Wind Cave Plans Open Houses for Draft Elk Management Plan
Contact: Tom Farrell, 605-745-4600
WIND CAVE NATIONAL PARK, S.D. – Wind Cave National Park is hosting informal open houses across the state the week of July 21 soliciting comments on a draft elk management plan/environmental impact statement (EIS) written to manage elk using the park.
These meetings will provide project information and gather comments about the draft plan/EIS. Open house locations and dates are:
Sioux Falls, Monday, July 21, at the SD Game, Fish and Parks Outdoor Campus on Oxbow Avenue;
Pierre, Tuesday, July 22, at the Best Western Ramkota on Sioux Avenue;
Hot Springs, Wednesday, July 23, at the Mueller Center on 6th Street;
Custer, Thursday, July 24, at The Bavarian Inn Restaurant on Highway 16 and 385 North.
Meetings begin at 6 p.m. and last until 8:30 p.m., with a brief presentation on Wind Cave’s elk management and the planning process starting at 6:30 p.m.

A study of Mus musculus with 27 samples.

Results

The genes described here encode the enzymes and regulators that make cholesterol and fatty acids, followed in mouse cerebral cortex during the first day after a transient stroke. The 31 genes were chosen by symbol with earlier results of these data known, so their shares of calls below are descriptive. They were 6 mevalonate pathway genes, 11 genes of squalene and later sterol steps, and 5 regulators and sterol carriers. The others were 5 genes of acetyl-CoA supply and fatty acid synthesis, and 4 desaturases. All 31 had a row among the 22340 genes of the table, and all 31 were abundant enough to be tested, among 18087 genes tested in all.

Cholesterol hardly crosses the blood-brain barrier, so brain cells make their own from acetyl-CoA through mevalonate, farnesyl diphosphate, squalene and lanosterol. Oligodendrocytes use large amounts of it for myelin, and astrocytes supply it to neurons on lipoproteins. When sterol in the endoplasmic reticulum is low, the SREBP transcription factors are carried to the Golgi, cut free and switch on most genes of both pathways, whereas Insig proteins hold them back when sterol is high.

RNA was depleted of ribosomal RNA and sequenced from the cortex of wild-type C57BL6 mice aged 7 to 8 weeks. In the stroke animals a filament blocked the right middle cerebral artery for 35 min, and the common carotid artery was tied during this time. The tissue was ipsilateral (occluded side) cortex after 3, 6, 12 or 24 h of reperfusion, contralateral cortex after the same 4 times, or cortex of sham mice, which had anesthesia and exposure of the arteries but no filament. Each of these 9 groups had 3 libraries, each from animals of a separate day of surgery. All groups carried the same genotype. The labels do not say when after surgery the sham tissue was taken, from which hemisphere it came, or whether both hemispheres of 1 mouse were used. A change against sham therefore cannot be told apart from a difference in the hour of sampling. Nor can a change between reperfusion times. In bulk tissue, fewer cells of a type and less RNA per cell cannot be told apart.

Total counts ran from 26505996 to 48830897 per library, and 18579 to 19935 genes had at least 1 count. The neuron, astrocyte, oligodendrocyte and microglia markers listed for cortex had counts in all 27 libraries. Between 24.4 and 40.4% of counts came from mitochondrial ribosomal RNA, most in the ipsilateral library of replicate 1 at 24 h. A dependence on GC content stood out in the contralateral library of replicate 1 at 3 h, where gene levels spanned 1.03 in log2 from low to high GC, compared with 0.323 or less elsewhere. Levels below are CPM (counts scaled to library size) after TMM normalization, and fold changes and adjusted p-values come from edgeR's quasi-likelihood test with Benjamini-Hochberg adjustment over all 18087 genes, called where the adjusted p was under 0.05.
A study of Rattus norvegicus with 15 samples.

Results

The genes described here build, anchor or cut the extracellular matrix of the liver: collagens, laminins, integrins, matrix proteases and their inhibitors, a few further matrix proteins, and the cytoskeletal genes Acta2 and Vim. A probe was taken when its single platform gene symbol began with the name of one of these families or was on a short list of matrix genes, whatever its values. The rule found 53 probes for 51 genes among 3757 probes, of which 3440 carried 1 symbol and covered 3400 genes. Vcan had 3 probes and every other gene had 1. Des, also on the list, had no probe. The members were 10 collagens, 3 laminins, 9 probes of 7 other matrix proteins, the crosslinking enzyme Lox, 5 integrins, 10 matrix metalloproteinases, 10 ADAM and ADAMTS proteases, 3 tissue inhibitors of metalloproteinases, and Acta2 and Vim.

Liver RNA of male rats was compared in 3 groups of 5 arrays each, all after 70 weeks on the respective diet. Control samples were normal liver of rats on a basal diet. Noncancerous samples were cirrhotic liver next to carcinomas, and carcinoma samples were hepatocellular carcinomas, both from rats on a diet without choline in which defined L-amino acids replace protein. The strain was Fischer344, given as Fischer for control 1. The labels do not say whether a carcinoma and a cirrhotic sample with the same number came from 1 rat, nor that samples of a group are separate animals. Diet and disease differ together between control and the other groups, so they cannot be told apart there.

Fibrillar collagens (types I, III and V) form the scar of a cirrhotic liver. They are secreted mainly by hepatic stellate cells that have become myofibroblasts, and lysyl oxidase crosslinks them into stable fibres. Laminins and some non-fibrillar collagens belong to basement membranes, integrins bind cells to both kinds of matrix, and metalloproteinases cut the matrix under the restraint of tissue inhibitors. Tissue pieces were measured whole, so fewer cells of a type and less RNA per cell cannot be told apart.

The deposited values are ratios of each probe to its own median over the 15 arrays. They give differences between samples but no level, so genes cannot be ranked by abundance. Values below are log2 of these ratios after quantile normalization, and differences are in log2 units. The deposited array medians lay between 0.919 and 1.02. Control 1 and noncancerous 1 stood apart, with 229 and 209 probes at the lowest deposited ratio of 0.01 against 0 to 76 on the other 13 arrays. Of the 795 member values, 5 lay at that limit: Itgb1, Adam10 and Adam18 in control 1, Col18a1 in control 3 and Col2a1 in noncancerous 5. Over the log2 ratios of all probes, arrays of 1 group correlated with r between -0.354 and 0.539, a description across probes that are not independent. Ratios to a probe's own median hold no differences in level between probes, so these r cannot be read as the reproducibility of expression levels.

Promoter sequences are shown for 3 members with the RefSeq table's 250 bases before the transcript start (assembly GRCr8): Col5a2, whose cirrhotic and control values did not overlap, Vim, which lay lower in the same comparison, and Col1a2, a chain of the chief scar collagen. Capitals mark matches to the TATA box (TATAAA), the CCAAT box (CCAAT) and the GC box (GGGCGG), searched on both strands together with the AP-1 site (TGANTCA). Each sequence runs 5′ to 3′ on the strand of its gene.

“The preferred alternative involves hazing or moving elk outside the park and raising the fence behind them to prevent their reentry,” said park superintendent Vidal Davila. “The elk would then be available for hunting on public and private lands outside the park.”
The park is seeking comments regarding the plan’s adequacy in addressing the plan’s purpose, needs and objectives, environmental issues of concern, and the sufficiency of the overall analysis. The comment period runs until August 18.
For more information, and for an on-line copy of the EIS, visit http://parkplanning.nps.gov/wica. Comments can be submitted via that website or they can be mailed to Superintendent; Wind Cave National Park; 26611 U.S. Highway 385; Hot Springs, SD 57747-9430. Your entire comment, including your personal identifying information, may be made public at any time.
Printed copies of the EIS are available for review at the Custer, Hot Springs, and Rapid City libraries and at the park visitor center. Contact the park at 605/745-4600 for a copy on a compact disc (CD).
Did You Know?
Fire is an important factor in protecting the prairie. Historically, fires burned across the prairie every 4 to 7 years. Fires burn the small trees that would otherwise march across the prairie and turn the grasslands to forest.